On the 5th of May 2022, the latest Safety in Custody were released. These statistics measure incidences of self-harm, suicide, assaults, and deaths in custodial settings across England and Wales over a three month period.
- Self harm in the female estate has risen by 10% since the previous quarter, and 4% on the previous year
- Deaths fell by 29%, mostly due to a fall in deaths from Covid-19
- The rate of self-harm by those held on remand rose in both female (20%) and male estates (4%)
Campbell Robb, Nacro’s chief executive, said: “Today’s statistics lay bare the truly shocking impact of prison on people held on remand. In the last year alone, the rate of self-harm for people on remand increased in both the male (4%) and female (20%) estates. The number of incidents of self-harm has reached its highest level since 2004.
Court delays continue to overwhelm the criminal justice system, with more than a third of the remand population held for longer than the legal limit of six months while awaiting trial. More than 1,000 people have been held for over a year, and nearly 500 who have been waiting for trial for more than two years. These continual delays cause unnecessary anguish to victims waiting for justice.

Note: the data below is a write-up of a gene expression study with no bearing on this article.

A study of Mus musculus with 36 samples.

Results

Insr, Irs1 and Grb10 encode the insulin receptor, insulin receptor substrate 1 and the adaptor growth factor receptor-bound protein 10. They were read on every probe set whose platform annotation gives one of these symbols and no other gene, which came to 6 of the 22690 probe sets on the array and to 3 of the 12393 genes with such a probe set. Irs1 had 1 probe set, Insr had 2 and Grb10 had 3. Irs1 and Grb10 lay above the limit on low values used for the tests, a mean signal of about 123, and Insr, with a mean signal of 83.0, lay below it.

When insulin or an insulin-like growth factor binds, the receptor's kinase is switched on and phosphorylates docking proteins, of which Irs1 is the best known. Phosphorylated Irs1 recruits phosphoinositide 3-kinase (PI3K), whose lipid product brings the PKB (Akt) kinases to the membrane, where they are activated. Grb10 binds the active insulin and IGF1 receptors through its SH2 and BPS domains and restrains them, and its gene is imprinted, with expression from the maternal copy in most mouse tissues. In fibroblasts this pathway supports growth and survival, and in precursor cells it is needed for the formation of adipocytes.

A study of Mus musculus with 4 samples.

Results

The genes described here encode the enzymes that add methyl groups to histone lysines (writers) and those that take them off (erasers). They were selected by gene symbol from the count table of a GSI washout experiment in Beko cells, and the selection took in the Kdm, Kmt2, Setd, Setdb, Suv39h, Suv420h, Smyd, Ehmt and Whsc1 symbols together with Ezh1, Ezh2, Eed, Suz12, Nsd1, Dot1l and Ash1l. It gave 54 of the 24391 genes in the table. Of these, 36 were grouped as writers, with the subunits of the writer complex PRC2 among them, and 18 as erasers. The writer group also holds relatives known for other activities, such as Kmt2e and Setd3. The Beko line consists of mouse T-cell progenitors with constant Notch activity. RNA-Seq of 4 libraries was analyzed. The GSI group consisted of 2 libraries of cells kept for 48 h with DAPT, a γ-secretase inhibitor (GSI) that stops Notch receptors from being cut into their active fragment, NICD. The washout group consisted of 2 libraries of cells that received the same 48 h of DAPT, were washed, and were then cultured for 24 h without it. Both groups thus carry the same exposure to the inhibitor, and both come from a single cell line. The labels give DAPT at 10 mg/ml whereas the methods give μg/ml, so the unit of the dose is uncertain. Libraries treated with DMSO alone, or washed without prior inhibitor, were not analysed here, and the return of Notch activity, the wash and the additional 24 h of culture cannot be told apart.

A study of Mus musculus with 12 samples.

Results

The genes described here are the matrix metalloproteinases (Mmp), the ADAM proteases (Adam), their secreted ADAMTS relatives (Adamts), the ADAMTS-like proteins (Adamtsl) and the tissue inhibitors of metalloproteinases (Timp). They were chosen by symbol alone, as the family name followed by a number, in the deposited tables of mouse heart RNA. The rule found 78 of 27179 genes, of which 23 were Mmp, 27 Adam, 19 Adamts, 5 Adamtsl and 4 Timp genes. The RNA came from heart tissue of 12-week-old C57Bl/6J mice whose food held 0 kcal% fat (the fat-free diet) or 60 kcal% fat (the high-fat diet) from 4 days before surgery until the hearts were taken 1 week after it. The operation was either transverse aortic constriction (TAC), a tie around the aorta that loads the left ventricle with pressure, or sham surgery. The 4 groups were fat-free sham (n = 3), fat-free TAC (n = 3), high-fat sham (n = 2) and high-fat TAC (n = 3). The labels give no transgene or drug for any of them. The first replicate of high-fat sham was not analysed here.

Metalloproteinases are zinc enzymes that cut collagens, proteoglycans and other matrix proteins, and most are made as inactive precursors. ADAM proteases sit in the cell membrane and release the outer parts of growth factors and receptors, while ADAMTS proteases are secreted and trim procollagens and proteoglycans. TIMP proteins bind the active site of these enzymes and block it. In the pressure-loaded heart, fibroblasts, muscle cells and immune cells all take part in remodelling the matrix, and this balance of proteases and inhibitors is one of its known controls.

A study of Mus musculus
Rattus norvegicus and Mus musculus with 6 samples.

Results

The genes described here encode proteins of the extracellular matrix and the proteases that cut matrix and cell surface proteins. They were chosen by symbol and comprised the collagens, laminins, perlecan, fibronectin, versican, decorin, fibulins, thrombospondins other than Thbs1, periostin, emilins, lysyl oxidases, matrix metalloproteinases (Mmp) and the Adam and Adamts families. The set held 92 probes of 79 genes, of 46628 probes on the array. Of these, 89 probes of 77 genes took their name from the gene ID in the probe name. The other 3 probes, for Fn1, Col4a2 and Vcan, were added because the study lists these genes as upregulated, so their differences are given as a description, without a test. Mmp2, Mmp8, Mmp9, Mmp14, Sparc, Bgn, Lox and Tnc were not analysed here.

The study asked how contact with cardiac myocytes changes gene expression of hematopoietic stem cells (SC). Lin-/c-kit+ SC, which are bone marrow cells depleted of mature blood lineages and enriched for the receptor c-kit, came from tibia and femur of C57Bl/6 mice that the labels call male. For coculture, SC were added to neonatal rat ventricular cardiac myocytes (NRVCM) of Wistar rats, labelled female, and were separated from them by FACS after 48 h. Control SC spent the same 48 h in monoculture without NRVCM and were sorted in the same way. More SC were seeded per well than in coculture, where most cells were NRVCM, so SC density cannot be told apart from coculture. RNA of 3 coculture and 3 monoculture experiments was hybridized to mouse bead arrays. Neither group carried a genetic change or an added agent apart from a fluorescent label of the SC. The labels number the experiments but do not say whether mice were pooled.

One in four people held on remand will not be sent to prison following trial, with one in ten being found not guilty, this is worse for women with two thirds of those on remand being found not guilty or given a community sentence.
The human impact can be severe. While on remand, people can lose their home, their job and even the custody of their children. The uncertainty created due to the lack of an end date to their time in custody also creates a state of limbo as people cannot properly plan for their release.
Remand must not become the default option. Instead, it should be used – when necessary – for people who are either a risk to the public or at risk of absconding.”